Watershed runoff can adversely affect the health of coral reefs. Our work will provide coral reef managers with a method to monitor land-based runoff and, in conjunction with other data, to assess runoff mitigation practices.
Why We Care
Coral reef managers are concerned about the impact of land-based runoff on coral reefs. Sediment carried in the runoff can physically bury corals, blocking light needed by symbiotic algae that live in and sustain corals and acting as a vector for land-based contaminants.
For this satellite-based study, we chose three different geographic areas identified by the United States Coral Reef Task Force as priority watersheds for investigation: Guánica Bay, Puerto Rico; West Maui, Hawaii; and Faga’alu Bay, Tutuila, American Samoa. Optical satellite sensors provide a routine means to monitor both the land and ocean portions of the watershed. Ocean color allows these satellite sensors to monitor sediment plumes, which would otherwise require ship- and aircraft-based missions to track, methods that are both expensive and easily hampered by bad weather. Satellite-based monitoring of ocean color provides an effective way to get synoptic and routine (daily) views of sediment plumes.
What We Did
In southwest Puerto Rico, we established a local lead scientist for ocean color–related work, and established satellite-derived sensor product protocols and in situ and laboratory protocols, as well as created suites of products designed to incorporate and increase spatial resolution that is presently evolving. In West Maui, we established a close collaboration with local partners, including the Hawaii Division of Aquatic Resources, the University of Hawaii, the State of Hawaii’s Natural Energy Laboratory of Hawaii Authority (NELHA), and have provided and set up field and laboratory equipment and training for our students and partners. We have also started developing a watershed manager’s graphical information system (GIS)–based tool for both Puerto Rico and West Maui, and will consolidate these systems where appropriate. We have been awarded an ongoing “small business innovative research” project designed to address the lack of in situ data that will automate and supplement our students in situ data measurements.
We have taken water quality measurements (chlorophyll a, total suspended sediments, attenuation coefficients, and some colored dissolved organic matter determinations) and are matching them to Visible Infrared Imaging Radiometer Suite (VIIRS) products. We are investigating re-suspended sediments and near shore micro-currents, along with bottom albedo, to improve products that distinguish land runoff. Working with native Hawaiian students via a local intern program, we have created a GIS data tool and have studied the spatial and temporal resolution of satellite sensors, as well as the number of available in situ measurements for the study in Hawaiian waters. We anticipate the Hawaiian GIS-based system becoming a component of our watershed managers’ tool.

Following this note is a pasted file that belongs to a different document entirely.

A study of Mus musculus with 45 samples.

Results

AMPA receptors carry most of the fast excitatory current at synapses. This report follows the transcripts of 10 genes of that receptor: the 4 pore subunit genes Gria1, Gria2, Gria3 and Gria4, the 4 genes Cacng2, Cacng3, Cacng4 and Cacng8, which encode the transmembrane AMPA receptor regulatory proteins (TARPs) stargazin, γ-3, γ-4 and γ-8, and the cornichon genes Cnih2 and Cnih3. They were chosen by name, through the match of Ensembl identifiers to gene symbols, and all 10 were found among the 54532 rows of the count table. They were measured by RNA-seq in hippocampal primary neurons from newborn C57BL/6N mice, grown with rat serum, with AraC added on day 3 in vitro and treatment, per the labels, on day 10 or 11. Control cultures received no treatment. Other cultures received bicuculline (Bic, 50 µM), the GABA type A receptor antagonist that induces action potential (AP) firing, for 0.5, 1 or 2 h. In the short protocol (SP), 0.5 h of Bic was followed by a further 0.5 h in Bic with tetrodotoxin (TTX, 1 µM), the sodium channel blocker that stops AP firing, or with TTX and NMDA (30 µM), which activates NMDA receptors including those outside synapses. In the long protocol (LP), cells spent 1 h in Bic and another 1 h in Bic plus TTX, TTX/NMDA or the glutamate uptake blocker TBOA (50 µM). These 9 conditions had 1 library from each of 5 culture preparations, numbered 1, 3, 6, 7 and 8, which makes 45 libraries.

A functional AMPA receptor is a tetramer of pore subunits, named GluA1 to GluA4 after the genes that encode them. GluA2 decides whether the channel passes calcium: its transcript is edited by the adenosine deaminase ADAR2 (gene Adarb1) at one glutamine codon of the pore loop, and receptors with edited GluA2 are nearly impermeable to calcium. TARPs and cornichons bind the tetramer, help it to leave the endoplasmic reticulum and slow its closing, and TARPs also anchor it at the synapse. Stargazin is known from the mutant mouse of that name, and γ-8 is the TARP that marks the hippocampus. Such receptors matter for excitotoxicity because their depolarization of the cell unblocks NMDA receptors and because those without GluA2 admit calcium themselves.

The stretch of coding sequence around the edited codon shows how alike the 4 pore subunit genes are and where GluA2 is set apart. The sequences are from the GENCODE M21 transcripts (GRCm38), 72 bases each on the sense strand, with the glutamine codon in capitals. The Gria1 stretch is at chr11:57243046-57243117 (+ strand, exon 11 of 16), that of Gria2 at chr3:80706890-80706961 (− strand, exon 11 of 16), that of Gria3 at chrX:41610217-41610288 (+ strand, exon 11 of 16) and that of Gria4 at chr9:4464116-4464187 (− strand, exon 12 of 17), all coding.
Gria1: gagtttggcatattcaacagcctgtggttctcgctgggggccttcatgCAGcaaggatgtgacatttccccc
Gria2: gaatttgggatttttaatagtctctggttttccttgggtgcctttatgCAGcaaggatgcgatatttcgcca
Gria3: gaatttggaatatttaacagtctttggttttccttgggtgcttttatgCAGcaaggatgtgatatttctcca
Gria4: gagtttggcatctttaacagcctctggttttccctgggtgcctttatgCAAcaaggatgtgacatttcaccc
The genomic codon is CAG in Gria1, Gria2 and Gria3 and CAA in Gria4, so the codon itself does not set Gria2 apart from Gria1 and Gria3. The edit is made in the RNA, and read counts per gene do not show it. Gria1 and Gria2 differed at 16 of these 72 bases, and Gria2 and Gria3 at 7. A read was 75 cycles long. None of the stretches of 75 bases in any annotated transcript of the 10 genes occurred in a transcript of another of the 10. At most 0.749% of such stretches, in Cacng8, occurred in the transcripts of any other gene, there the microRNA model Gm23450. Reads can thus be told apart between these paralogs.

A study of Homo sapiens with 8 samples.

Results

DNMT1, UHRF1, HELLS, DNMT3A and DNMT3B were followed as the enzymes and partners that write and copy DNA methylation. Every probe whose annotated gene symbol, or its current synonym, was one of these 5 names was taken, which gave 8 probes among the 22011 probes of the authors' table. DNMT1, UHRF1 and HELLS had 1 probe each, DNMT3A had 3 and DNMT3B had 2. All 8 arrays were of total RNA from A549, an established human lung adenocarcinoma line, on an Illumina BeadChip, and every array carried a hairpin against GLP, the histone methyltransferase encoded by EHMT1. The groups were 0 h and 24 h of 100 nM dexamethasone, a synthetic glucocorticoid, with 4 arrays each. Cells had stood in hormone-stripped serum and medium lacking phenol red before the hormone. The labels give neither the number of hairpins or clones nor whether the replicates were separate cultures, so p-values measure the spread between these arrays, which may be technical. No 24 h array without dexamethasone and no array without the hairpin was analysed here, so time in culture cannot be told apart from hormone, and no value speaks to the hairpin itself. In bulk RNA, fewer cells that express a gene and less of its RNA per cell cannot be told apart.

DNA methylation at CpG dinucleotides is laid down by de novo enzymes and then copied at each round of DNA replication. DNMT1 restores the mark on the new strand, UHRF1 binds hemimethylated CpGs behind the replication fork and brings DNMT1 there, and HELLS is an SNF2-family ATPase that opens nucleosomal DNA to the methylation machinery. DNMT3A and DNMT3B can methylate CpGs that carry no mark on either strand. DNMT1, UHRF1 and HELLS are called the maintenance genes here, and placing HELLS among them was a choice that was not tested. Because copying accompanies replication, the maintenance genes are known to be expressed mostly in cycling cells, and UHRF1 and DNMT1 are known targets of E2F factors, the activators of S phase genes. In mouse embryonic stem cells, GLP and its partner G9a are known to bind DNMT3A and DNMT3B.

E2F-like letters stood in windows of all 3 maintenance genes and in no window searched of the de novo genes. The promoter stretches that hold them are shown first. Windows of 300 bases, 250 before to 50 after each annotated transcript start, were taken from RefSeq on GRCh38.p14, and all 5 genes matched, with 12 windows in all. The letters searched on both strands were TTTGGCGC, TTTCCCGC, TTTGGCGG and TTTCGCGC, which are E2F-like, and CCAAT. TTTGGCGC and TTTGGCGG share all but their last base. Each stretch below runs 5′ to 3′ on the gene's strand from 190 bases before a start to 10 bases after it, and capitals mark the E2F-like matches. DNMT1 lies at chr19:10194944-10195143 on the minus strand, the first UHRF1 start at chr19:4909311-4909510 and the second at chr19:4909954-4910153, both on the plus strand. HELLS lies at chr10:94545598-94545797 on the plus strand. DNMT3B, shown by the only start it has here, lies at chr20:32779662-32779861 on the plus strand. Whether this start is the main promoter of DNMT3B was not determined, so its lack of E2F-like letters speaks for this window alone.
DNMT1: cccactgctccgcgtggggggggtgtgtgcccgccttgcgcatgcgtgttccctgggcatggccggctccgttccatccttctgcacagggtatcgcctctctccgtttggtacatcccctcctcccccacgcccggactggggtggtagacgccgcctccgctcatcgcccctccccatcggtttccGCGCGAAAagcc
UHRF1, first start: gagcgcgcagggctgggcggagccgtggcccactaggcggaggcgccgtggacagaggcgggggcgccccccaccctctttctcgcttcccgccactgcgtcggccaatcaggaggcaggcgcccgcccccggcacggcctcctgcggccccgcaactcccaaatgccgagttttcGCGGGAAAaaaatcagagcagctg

Work in Faga’alu Bay, Tutuila, American Samoa is in the planning stage (waiting for the availability of higher-resolution data).
This project is a collaboration between NCCOS and the NOAA Satellite and Information Service’s (NESDIS) Center for Satellite Applications and Research (STAR). NOAA post-doctoral researcher William J. Hernandez (University of Puerto Rico–Mayaguez) is leading the development of satellite sensor–derived products and in situ water quality and benthic studies for Puerto Rico.
The project received funding from NOAA’s Coral Reef Conservation Program to develop pilot products, which if warranted, will become NOAA operational satellite sensor–derived products that synoptically monitor the runoff plumes in the previously mentioned geographic areas.
What We Found
The sediment plumes in both Guánica Bay and West Maui are more extensive than previously suspected. Our Hawaiian student clearly showed that we need higher spatial resolution imagery that includes morning ascending satellites. The project also requires improved geographic coverage, particularly within the littoral zones.
This watershed monitoring project is ongoing. We are compiling results for Puerto Rico, and ocean color fieldwork is now underway in West Maui. Work in Faga’alu Bay, Tutuila, American Samoa is in the planning stage.
Moving forward, our plan to assist coral reef watershed managers includes:
1) Monitoring plumes as mitigating methods are employed to reduce runoff.
2) Using archived data, where available, to assess which sediment mitigation methods work best for a particular watershed.
3) Determining the distribution of sediments as a function of rainfall amount, plume extent, and surface and subsurface currents.
4) Incorporating models of plume extent and distribution to current monitoring.
5) Determining the source(s) of sediment runoff affecting corals, and generating estimates of the amount of sediment material from watershed runoff that is deposited onto corals.
6) Assessing stressors to coral physiology and ecosystem health, especially sediments, which will tie the monitoring of sediments to coral health.
7) Building a watershed manager’s GIS-based tool for appropriate data sources enabling managers to conduct assessments and research.